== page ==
EU rejects landmark money-laundering measure
All 28 European Union member nations on Thursday unanimously rejected a proposal to blacklist 23 countries suspected of terrorist financing and money laundering, a landmark measure in the ongoing fight against money laundering.
Carl Dolan, director of Transparency International EU, told OCCRP on Wednesday, that the expected decision was partly because of the presence of Saudi Arabia and US jurisdictions on the list, with whom they have business relations. “The UK, of course, has major business relations with [Saudi Arabia]. Saudi Arabia is seen as a major partner in the war on terror,” he said.
In a statement issued on Thursday, however, the EU said that the blacklist proposal was rejected on the grounds that it "was not established in a transparent and resilient process that actively incentivises affected countries to take decisive action while also respecting their right to be heard."
If member states had adopted the blacklist, EU banks would then be required to perform additional checks before accepting money originating from customers and financial institutions in the named jurisdictions.
In the wake of revelations about the Troika Laundromat, a scheme that channeled billions of dollars out of Russia with the help of major Western banks, the rejection is a blow to anti-corruption activities.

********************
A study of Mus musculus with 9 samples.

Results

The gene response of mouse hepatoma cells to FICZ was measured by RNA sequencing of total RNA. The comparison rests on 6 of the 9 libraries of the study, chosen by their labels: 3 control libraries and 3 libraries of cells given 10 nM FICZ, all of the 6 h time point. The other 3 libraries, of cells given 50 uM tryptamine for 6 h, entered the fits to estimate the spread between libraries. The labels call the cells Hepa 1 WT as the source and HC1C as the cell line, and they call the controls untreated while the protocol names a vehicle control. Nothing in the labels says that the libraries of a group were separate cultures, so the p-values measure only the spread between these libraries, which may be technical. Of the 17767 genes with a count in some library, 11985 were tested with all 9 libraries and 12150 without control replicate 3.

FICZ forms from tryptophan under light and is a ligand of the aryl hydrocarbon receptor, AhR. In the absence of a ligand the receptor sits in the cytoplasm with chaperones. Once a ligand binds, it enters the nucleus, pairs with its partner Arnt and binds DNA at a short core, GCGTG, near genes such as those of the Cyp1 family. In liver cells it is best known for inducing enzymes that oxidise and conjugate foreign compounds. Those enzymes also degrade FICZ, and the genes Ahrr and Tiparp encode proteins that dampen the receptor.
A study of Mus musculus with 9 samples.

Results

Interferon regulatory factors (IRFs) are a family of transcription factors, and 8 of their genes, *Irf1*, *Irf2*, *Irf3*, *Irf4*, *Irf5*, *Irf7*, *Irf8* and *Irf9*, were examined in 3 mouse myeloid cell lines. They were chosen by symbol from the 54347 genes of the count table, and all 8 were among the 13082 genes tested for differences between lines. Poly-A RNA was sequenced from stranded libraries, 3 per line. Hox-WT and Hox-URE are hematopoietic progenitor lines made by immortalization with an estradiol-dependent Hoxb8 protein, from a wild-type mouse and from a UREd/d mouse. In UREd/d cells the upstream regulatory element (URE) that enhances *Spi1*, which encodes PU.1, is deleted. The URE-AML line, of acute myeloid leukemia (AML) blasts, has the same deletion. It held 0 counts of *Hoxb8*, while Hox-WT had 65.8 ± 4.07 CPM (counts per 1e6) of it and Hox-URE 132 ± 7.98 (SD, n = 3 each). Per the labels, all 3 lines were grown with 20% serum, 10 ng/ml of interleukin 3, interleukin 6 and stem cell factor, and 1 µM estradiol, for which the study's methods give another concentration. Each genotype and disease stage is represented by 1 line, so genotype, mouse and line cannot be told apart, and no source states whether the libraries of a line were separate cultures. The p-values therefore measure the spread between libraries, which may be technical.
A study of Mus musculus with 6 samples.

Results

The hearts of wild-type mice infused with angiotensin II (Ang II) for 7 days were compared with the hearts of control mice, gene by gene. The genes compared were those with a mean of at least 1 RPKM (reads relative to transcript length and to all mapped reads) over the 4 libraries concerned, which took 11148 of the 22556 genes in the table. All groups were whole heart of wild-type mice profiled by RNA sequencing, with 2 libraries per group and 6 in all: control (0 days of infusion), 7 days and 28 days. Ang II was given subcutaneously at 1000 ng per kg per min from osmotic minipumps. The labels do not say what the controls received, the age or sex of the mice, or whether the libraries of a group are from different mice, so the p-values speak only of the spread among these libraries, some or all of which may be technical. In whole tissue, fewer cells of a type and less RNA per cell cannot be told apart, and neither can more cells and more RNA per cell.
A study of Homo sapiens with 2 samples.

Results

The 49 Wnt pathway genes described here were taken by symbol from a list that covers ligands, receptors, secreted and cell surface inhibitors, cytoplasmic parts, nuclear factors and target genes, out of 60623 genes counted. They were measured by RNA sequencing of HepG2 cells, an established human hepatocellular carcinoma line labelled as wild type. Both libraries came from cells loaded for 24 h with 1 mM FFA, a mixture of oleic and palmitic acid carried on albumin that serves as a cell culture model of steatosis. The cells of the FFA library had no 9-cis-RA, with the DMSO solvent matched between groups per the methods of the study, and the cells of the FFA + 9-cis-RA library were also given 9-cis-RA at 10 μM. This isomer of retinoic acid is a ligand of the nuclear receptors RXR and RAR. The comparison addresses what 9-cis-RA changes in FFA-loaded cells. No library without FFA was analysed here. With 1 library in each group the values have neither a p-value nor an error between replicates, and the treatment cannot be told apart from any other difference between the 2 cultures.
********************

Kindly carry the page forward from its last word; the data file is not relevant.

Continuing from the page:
“This is a step backward,” said Dolan, explaining that the decision was “more about the Americans being unhappy” and “very, very, vocal about their unhappiness. The US could even subvert the blacklist by not allowing American banks to assist Europe with its due diligence, if the blacklist had been approved.”
The Commission will now have to propose a new draft list of high-risk countries. The current EU directive on anti-money laundering and terrorist financing intends to identify third country jurisdictions, with the help of the Financial Action Task Force, which have strategic deficiencies in their anti-money laundering and terrorist financing regimes that pose significant threats to the financial system of the EU.
According to Dolan the rejection of the list dilutes the EU’s firm stance toward money laundering.
“The amounts laundered through European banks is staggering...and none of that seems to have changed the minds of member states.”
Other measures on the EU’s cards include financial police force to investigate tax evasion and financial crime, an anti-money laundering watchdog and the phase out of the notorious golden visa scheme.